Moore took an effectual way to secure Mr. Hawthorne, for he went one day himself to his office, and asked him for the very same evening, thus bearding the lion in his den and clutching him. And Mrs. H., the aunt of Henry Bright, would not be discouraged. She could not get Mr.

He passed with quick steps along the corridor which connected his private den with the board-room, and came into that spacious apartment with outstretched hand. The man who turned to greet him may have been twenty-seven or thirty-seven. He was tall, but lithe rather than broad. His face was the colour of mahogany, and the blue eyes turned to Lyne were unwinking and expressionless.

"You must now go with me into the den of Hag Zogbaum, in 'Scorpion Cove; and 'Scorpion Cove' is in Pell street. Necessity next drove me there.

A few years later I had another adventure with a weasel that had its den in a bank on the margin of a muck swamp in the same neighborhood. We had cleared and drained and redeemed the swamp and made it into a garden, and I had built me a lodge there.

No more watching for mice in dark, damp cellars, no more awaiting the savage gray rat at the mouth of his den, no more scurrying up trees and lamp-posts to avoid the neighbor's cur who wishes to make her acquaintance! It is very grand to "die in harness," but it is very pleasant to have the tight straps unbuckled and the heavy collar lifted from the neck and shoulders.

Then his old friend nodded his head rapidly, bursting in a moment into a comparatively blissful expression of face, and shot back into his den. He took his hour-glass, turned it, and went to work on his regalles; and often he looked up, and said to himself, "Well-a-day, the sands how swift they run when the man is bent over earthly toys."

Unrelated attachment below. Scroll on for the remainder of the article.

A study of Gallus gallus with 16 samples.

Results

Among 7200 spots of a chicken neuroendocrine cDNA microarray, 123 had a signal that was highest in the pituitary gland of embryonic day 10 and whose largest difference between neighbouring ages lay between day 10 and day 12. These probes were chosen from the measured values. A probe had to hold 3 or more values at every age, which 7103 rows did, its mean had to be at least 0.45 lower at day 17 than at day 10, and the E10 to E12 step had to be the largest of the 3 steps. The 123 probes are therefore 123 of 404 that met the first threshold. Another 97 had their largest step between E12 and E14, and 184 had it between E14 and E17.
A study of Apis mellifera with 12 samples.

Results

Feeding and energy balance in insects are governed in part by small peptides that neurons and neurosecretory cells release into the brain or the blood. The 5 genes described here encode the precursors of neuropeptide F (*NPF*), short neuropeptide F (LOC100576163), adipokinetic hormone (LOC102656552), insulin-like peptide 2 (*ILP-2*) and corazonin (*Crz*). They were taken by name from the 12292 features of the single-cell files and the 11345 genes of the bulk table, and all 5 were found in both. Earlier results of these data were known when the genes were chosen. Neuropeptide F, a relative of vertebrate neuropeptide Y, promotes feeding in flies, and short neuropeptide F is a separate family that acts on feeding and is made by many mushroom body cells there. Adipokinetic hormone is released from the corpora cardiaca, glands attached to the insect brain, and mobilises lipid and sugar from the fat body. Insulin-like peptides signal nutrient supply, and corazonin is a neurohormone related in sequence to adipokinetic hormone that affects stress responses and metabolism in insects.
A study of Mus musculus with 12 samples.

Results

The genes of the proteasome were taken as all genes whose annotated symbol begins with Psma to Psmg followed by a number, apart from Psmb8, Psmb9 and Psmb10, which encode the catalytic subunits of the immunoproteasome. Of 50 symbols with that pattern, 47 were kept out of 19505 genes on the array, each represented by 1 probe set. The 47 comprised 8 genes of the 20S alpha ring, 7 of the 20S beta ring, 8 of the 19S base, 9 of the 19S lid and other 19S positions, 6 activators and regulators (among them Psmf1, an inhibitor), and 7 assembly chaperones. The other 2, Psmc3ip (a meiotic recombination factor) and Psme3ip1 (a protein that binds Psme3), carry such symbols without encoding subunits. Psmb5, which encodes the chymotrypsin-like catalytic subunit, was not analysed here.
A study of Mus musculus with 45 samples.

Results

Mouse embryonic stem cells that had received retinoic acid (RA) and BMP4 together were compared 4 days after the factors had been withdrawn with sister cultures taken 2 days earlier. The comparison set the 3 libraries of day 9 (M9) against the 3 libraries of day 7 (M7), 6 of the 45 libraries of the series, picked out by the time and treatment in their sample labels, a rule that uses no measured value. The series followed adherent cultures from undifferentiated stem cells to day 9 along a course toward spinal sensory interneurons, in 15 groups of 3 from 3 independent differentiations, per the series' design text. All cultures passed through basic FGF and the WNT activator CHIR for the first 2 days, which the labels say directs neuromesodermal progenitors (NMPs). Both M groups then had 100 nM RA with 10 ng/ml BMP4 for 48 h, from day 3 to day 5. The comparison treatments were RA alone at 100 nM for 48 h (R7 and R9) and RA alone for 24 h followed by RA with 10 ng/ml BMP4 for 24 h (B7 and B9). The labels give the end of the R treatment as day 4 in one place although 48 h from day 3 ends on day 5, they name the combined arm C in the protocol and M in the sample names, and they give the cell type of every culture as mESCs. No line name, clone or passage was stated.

"Yes," said Godfrey, as, after following his companion back through the ivy, he seated himself, away from the window, in the den, where Waller related to him the history of the raising of the ladder. "That man believes I am here, and will come again. It is quite time you got me away.

Den he run down ter ole Aun' Peggy, but she did n' know de wolf langwidge, en couldn't 'a' tuk off dis yuther goopher nohow, eben ef she 'd 'a' unnerstood w'at Dan wuz sayin'. So po' Dan wuz bleedgd ter be a wolf all de rest er his bawn days. "Dey foun' Mahaly down by her own cabin nex' mawnin', en eve'ybody made a great 'miration 'bout how she 'd be'n killt. De niggers 'lowed a wolf had bit her.

But dere iss no vork, even ven I look all day, and I am hungry; and den I dink to steal again. I vait, because perhaps vork come, but at night I go out and say, "I know my old ground. Dere's plenty ready to velcome me if I'm a mind to join 'em."

In the half indulged hope that his state might permit some faint exercise of the reasoning faculty, O'Flaherty walked towards the small den they had designated as the mess-room, in search of his brother officer. As he entered the apartment, little disposed as he felt to mirth at such a moment, the tableau before him was too ridiculous not to laugh at.